We are within the second week of 2016 as I write this and I have just finished my second book of the year. I am attempting to read at a book a week pace until uni officially begins again and I become busier in hope of attaining at least 20 books on record for 2016 (maybe more).
All The Bright Places by Jennifer Niven is a YA fiction novel about two protagonists: Finch, a boy whose psychological disorders and mental illnesses are seemingly ignored and fail to be detected, and Violet, a girl who is learning to live life again following the loss of her older sister in a car accident. It tells the tale of how strange Finch and cautious Violet meet and describes and follows their friendship and how it alters and changes themselves and their lives.
I don’t think it’s a spoiler to say that Violet’s life is improved and enthusiasm enriched by her encounters with Finch as it says so on the blurb where it also already suggests that Finch seems to be losing the will to live as Violet is gaining it.
Aside from this book being a generally enjoyable read for the typical reasons I always look for- good hook, interesting characters and fast-paced, to the point storyline, it is a book I will treasure and remember for other reasons. Despite it being for a younger (perhaps high school for relatability) audience- one I don’t classify myself as being a part of, this novel deals with so many sensitive topics that it is more important now than it ever has been to address and discuss.
I really felt for Finch, it was quite obvious to the reader that he was struggling with suffocating feelings of depression and hopelessness, his mind wasn’t working rationally or ‘typically’ as he was drawn to dark thoughts and week after week was a different version of himself. It was an interesting concept to have the reader so well informed as to easily discern depression and borderline personality disorder but the characters that can help Finch such as his family and friends fail to acknowledge that his symptoms are symptoms and instead dismiss them as personality traits whilst also introducing the issues surrounding labelling people with disorders and the effects that can have on a person who is scared of becoming characterised by this label.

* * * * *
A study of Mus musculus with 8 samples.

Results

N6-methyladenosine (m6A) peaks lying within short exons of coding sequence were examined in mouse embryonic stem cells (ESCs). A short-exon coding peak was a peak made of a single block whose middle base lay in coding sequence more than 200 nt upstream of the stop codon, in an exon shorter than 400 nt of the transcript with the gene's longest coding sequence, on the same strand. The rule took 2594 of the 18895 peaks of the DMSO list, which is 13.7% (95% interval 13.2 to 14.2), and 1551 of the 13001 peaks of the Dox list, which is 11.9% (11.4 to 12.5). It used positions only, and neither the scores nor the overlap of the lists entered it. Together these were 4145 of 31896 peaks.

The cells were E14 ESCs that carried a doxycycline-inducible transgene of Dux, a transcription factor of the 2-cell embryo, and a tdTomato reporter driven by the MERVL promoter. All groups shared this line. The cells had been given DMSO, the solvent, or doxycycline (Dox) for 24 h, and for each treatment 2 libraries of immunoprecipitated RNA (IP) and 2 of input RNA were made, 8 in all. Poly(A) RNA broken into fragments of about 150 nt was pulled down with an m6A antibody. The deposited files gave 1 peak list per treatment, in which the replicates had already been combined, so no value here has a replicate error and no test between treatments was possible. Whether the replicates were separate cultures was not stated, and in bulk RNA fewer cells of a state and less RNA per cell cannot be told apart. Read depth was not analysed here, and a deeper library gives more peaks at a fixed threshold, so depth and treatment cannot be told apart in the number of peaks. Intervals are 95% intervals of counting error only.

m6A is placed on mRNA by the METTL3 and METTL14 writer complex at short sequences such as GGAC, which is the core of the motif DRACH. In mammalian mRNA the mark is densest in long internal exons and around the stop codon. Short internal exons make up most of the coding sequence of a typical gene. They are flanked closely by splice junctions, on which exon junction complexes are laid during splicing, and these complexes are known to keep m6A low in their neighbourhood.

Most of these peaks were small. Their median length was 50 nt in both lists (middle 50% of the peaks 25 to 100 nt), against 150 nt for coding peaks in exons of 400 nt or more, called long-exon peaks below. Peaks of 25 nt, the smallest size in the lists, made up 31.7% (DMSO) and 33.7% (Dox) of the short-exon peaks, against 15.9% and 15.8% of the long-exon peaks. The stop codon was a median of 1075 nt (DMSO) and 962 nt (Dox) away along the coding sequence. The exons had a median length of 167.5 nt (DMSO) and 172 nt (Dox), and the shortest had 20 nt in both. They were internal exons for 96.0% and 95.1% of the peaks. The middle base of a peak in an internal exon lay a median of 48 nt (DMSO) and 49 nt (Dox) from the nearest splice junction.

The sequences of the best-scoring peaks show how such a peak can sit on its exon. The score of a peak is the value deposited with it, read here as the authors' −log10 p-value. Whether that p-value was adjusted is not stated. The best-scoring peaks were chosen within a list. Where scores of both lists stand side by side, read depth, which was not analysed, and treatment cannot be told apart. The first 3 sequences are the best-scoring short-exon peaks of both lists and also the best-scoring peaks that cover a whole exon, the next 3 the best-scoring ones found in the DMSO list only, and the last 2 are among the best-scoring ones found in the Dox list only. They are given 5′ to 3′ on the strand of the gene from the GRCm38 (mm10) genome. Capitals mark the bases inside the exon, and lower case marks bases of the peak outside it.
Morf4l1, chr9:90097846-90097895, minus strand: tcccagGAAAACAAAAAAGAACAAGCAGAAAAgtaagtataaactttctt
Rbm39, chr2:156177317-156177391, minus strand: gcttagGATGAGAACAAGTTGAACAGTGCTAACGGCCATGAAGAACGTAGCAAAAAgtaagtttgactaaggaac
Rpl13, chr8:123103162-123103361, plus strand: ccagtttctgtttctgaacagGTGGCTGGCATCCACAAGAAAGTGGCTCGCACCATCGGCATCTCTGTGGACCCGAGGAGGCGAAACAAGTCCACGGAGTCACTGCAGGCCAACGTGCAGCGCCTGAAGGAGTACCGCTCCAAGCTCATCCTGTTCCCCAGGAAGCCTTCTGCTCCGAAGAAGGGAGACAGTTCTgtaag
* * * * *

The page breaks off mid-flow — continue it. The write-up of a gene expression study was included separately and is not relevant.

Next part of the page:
I read this book in a matter of days, I became attached to these protagonists despite not always being able to picture what they look like. The message of the book was clear and Niven artistically sewed such serious issues into a book that wasn’t serious but was sweet and funny and heartwarming.
Books like these are wonderful to read and it is necessary that brilliant people like Niven write them as it was both entertaining and enlightening. I was captivated by the touching story and yet I absorbed knowledge of Finch’s situation; the symptoms of suicide were carefully outlined: emotional distancing, interest in death and questions of afterlife, mood swings, humouring depression, boxing up belongings as if someone will have to deal with them and throwing them out as if they will have no use for them etc. I was left questioning where we draw the line between personality traits and illness and how often do we dismiss a symptom as being typical of someone’s personality? Should we reassess how we characterise people and try to make the distinction between what is themselves and what might be a symptom of depression or a call for help?
I have a lot of love for this book and a lot of respect to Niven for approaching the topic of suicide. I really am glad that this book is getting the attention and credit it is receiving because it truly and utterly deserves to be praised and read and cherished by many many people who will maybe be more watchful and knowledgeable for having it.
If you’re a reader or have trusted my book reviews so far then go and get yourself a copy and I hope you love it as much as I did!